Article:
Christine Johnson celebrates the beginnings of a return to the way of life we took for granted before the pandemic.
In 1920, Warren G. Harding ran for president, promising to bring America back to a former time: before World War I and the terrible flu pandemic that devastated every corner of the earth. His campaign stump speech included the following:
America's present need is not heroics, but healing; not nostrums, but normalcy; not revolution, but restoration; not agitation, but adjustment; not surgery, but serenity; not the dramatic, but the dispassionate; not experiment, but equipoise; not submergence in internationality, but sustainment in triumphant nationality.
While I believe that nationalism isn’t a laudable goal, I do see a lot of things in this list that we long for as a country. As my kids have been saying to me, “I’m tired of living in unprecedented times. I want to live in a normal time again.”
And I think that everyone in the world finds themselves at a time when we are weary of the way the world has been. We are exhausted by the restraints of the pandemic, we are tired of delaying get-togethers. We want to hug our parents, gather with friends for dinner and drinks, say hello to a person whose entire face we can see.
We just want to get back to normalcy.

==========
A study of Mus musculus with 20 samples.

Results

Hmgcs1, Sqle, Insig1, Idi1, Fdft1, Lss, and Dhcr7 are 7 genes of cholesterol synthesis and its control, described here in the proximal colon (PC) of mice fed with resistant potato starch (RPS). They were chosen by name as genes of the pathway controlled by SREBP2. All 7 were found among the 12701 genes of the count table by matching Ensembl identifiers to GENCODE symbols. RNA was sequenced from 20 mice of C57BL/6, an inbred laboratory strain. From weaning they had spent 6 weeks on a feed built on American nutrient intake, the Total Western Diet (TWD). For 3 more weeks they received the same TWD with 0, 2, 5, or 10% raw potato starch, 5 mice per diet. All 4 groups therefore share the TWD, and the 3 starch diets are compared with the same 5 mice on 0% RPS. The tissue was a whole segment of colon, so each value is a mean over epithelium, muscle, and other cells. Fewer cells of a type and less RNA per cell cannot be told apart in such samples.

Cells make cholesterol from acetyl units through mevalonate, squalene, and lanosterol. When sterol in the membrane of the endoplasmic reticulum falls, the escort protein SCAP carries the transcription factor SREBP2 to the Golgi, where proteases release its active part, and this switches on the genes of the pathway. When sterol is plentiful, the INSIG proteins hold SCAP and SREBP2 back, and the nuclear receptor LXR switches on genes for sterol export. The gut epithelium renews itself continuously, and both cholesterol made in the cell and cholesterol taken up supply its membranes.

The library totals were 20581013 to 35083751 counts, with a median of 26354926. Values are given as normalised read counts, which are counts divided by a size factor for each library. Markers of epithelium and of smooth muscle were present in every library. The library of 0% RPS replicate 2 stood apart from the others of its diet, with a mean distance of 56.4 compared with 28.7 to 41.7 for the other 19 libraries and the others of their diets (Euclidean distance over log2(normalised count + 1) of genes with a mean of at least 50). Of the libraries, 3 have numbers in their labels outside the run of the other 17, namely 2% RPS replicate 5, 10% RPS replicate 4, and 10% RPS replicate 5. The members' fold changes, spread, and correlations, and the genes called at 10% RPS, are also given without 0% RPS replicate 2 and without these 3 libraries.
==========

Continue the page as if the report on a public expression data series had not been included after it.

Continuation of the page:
On a late May weekend, we brought our younger daughter back to college in North Carolina. Sunday morning, we visited the local parish for Mass, as we usually do when we’re there. They’re working on returning to normal, though Mass is still live-streamed for those who are unable to attend in person. But there have been some steps taken to begin to return to normal.
An usher greeted us at the back of the church. “Were you here last week? No? Let me tell you about our seating arrangements.”
The parish has opened up every pew in the two center sections of the sanctuary, but left the every-other-pew setup on the side areas of the church, for those who still wished to have more social distancing. (The center pews still had space between families, but was not blocked off to prevent seating people in every pew.) We decided to sit in the every-other-pew section, and started to make our way past the holy water font. I stopped in my tracks.
There was water in the font!
A woman was standing there speaking with someone, so I asked, “Excuse me, is this water blessed?”
The woman smiled broadly at me. “Yes!”
For the first time in 14 ½ months, I blessed myself with holy water on my way to the pew. I almost cried, I was so happy.
Then I took a closer look at the pews themselves and saw something else I hadn’t seen in a church in more than a year: missals.
Again, I teared up at this very small thing -- a book to hold with music inside -- and thanked God for such small blessings.
We’re still not all the way out of the woods, and only God knows what lies ahead. For all we know another wave could come, and we’ll have to take a step backwards. But for now, there was holy water and a missal to hold and the possibility of sitting next to a dear friend at Mass.
For now, let us give thanks for these small blessings and look forward with hope to a return to normalcy.
Copyright 2021 Christine Johnson
Images copyright 2021 Christine Johnson, all rights reserved.
About the Author
Christine Johnson has been married to Nathan since 1993 and is the mother of two homeschool graduates. She and Nathan live in the Blue Ridge Mountains of Southwest Virginia, where she tries to fit in as a transplanted Yank. She blogs at Domestic Vocation about her life as a wife, mother, and Lay Dominican.